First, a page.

With recreational marijuana sales becoming legal in Massachusetts in July, expect an influx of out-of-state residents for cannabis celebrations next April 20.
    Justin Tang/The Canadian Press via AP/file
    With recreational marijuana sales becoming legal in Massachusetts in July, expect an influx of out-of-state residents for cannabis celebrations next April 20.

    It’s a beloved holiday full of feel-good songs, feasting, and friends gathered around fragrant green trees. But unlike Christmas, this is an herb-centric, non-denominational celebration that is growing in popularity and helping to drive tourism in states where recreational marijuana is legal.

    April 20 at 4:20 p.m is the most wonderful time of the year for those who enjoy spending time with their dear friend Mary Jane. It’s the date when pot smokers around the world open their stash and call in sick to work. But now 420 involves much more than listening to Phish and eating Pringles. People are traveling to cannabis hotspots to enjoy events such as gourmet meals with wine and pot pairings.

    For the virtuous among you who are unfamiliar with the digits, 420 is the not-so-secret code for marijuana consumption. The April 20 celebrations have been going on for decades, but cannabis analysts are noticing that as recreational pot becomes legal, 420 events around the country are getting more diverse and sophisticated. Cannabis infused dumpling platters anyone? How about a 420 hike or pot-themed burlesque?


    “People are now coming out of the cannabis closet,” said Derek Riedle, founder and publisher of the marijuana lifestyle magazine Civilized. “It’s increasingly becoming this collection of very sophisticated events, especially in the legal states. These are events worth traveling for. It’s all because people are no longer afraid to talk about these things and celebrate these things with their friends and family around.”


    There are still plenty of rallies, concerts, and parades in states where marijuana is not yet legal, but April 20 is quickly evolving from protest to party.

    Unfortunately for those of us on the East Coast, the grass is currently greener on the other side of the Rocky Mountains because many of the more inventive 420 events are happening where recreational marijuana is legal to both sell and consume. The majority of those states are out west, such as Colorado, California, and Nevada. Colorado is the true epicenter of the day with dozens of festivals, concerts, and even a pot bingo night.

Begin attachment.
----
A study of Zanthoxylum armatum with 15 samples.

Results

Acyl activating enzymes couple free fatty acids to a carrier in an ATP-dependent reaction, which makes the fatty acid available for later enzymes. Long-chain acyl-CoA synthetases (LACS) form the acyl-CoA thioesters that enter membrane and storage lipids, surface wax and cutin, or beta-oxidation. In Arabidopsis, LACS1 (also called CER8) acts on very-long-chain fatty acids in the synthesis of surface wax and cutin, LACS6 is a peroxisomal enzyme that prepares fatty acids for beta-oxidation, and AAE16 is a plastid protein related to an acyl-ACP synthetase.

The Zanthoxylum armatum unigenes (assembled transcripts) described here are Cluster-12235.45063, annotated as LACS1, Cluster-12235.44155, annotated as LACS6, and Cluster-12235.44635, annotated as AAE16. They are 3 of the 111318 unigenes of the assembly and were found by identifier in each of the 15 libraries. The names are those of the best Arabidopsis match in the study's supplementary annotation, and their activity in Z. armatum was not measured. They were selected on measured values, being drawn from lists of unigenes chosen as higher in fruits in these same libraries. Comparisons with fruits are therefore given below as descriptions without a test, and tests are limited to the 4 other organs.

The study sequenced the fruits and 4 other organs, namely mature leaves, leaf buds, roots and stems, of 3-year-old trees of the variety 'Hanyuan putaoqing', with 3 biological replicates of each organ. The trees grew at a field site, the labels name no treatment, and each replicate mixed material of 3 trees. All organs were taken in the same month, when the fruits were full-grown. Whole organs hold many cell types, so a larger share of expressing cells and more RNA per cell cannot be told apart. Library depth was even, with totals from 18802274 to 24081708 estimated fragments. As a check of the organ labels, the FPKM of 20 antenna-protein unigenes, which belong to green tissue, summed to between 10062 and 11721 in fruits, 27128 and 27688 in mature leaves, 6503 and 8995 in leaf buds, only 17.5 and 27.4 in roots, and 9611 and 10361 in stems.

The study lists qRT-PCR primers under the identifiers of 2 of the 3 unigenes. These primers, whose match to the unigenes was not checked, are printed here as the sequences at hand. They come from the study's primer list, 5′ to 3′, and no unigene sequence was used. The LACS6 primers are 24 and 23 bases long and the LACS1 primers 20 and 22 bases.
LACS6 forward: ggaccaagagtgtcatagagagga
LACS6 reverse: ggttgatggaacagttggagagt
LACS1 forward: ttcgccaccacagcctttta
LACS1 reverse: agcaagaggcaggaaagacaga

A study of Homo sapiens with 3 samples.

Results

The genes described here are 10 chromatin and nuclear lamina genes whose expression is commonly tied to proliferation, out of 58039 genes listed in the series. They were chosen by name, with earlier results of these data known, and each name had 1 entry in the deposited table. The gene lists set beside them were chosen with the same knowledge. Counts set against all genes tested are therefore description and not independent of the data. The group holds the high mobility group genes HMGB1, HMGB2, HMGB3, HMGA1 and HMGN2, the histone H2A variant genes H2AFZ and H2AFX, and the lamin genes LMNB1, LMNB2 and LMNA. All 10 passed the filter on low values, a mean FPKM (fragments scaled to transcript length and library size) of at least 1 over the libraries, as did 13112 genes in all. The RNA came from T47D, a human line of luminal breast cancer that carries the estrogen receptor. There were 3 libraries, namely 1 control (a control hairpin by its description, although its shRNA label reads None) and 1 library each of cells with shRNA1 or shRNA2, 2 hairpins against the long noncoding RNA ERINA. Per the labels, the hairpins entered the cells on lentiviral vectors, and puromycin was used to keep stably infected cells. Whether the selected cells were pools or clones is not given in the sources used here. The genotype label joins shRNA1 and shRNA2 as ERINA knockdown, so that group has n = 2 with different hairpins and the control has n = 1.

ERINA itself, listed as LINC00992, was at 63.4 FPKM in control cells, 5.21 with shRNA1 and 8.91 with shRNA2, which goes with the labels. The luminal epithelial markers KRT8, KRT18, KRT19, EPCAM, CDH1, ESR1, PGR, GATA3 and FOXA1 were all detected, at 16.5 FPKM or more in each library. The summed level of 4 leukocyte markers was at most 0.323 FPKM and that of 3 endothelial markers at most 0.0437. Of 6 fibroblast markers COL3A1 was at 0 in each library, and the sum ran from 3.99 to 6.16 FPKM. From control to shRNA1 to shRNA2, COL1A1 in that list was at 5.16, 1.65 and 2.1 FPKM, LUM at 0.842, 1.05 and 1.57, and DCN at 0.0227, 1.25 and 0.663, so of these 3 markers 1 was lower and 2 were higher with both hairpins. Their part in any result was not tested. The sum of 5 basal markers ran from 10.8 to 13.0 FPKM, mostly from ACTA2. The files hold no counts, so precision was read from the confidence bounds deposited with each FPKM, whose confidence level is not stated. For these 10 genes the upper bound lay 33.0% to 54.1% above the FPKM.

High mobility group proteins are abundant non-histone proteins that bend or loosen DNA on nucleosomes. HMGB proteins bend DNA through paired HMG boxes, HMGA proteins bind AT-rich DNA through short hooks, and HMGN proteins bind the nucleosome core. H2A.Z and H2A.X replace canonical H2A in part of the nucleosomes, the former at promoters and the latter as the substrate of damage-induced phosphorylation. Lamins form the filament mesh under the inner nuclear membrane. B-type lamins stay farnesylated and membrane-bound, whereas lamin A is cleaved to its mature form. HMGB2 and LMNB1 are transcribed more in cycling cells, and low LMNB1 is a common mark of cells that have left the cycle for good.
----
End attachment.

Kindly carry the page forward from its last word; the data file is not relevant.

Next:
Recreational marijuana sales become legal in Massachusetts in July. Earlier this week nearly 200 business applied to sell recreational marijuana. All applications were accepted. That means next year April 20 is going to be a big deal in Massachusetts with an influx of out-of-state residents flooding in to celebrate. Fingers crossed that Boston gets a pot bingo night.


    Before we enter the smoky fray of cannabis tourism, it’s time for a history lesson. Perhaps you’ve wondered why the numbers 420 have come to symbolize consumption of alligator cigarettes (that means joints). Legends abound. One of the more popular theories is that 420 is code among police officers for “marijuana smoking in progress.” Some go as far as to cite Bob Dylan’s song “Rainy Day Women #12 & 35,” which includes the chorus “Everybody must get stoned,” because 12 multiplied by 35 equals 420.

    Let me be blunt, those rumors are false.

    The Huffington Post has been at the forefront of debunking the rumors, and, according to its research, the term originated with a group of high school students in San Rafael, Calif., in 1971. According to the tale, the students regularly gathered after school at 4:20 to indulge. The story is a bit more intricate (there was a treasure map and a hidden patch of pot somewhere), but you get the idea.

    Nearly 50 years later, pot culture is long past the Cheech and Chong and the Grateful Dead stereotypes of the 1960s and 1970s. People are now looking for meals that include pasta tossed with pesto made from THC-infused olive oil, or perhaps a posh 420-themed wedding with a leafy bouquet.

    “We’re friends with a few different tour companies, and their slate is definitely much larger than usual on 4/20,” said Jeffrey Zucker of Green Lion Partners, a Colorado-based cannabis industry strategy firm. “We know a couple of people who are running tour buses for people from all over the country and the world. Cannabis isa tourist attraction in itself, but there are people coming specifically to celebrate 420.”


    There are no firm numbers (yet) specifically analyzing April 20 cannabis tourism, but Colorado has been experiencing a year-round economic high since legalization.

    Colorado marijuana shops raked in a record $1.51 billion sales of medical and recreational cannabis, edibles, and concentrate products during 2017, according to Colorado Department of Revenue. The state collected upward of $247 million in taxes and fees revenue from marijuana sales.

    Canada is currently on track to legalize marijuana late this summer, adding another April 20 destination for cannabis enthusiasts.

    It’s a celebration that those in the industry predict will only balloon over time.

    “I honestly believe 420 is going to become the Black Friday for cannabis,” said Arnaud Dumas de Rauly of the Blinc Group , an incubator for cannabis consumption technology. “For the cannabis consumer and enthusiast, it’s going to be the day to go shopping for deals and promos on marijuana.”

    Christopher Muther can be reached at Follow him on Twitter @Chris_Mutherand on Instagran @Chris_Muther.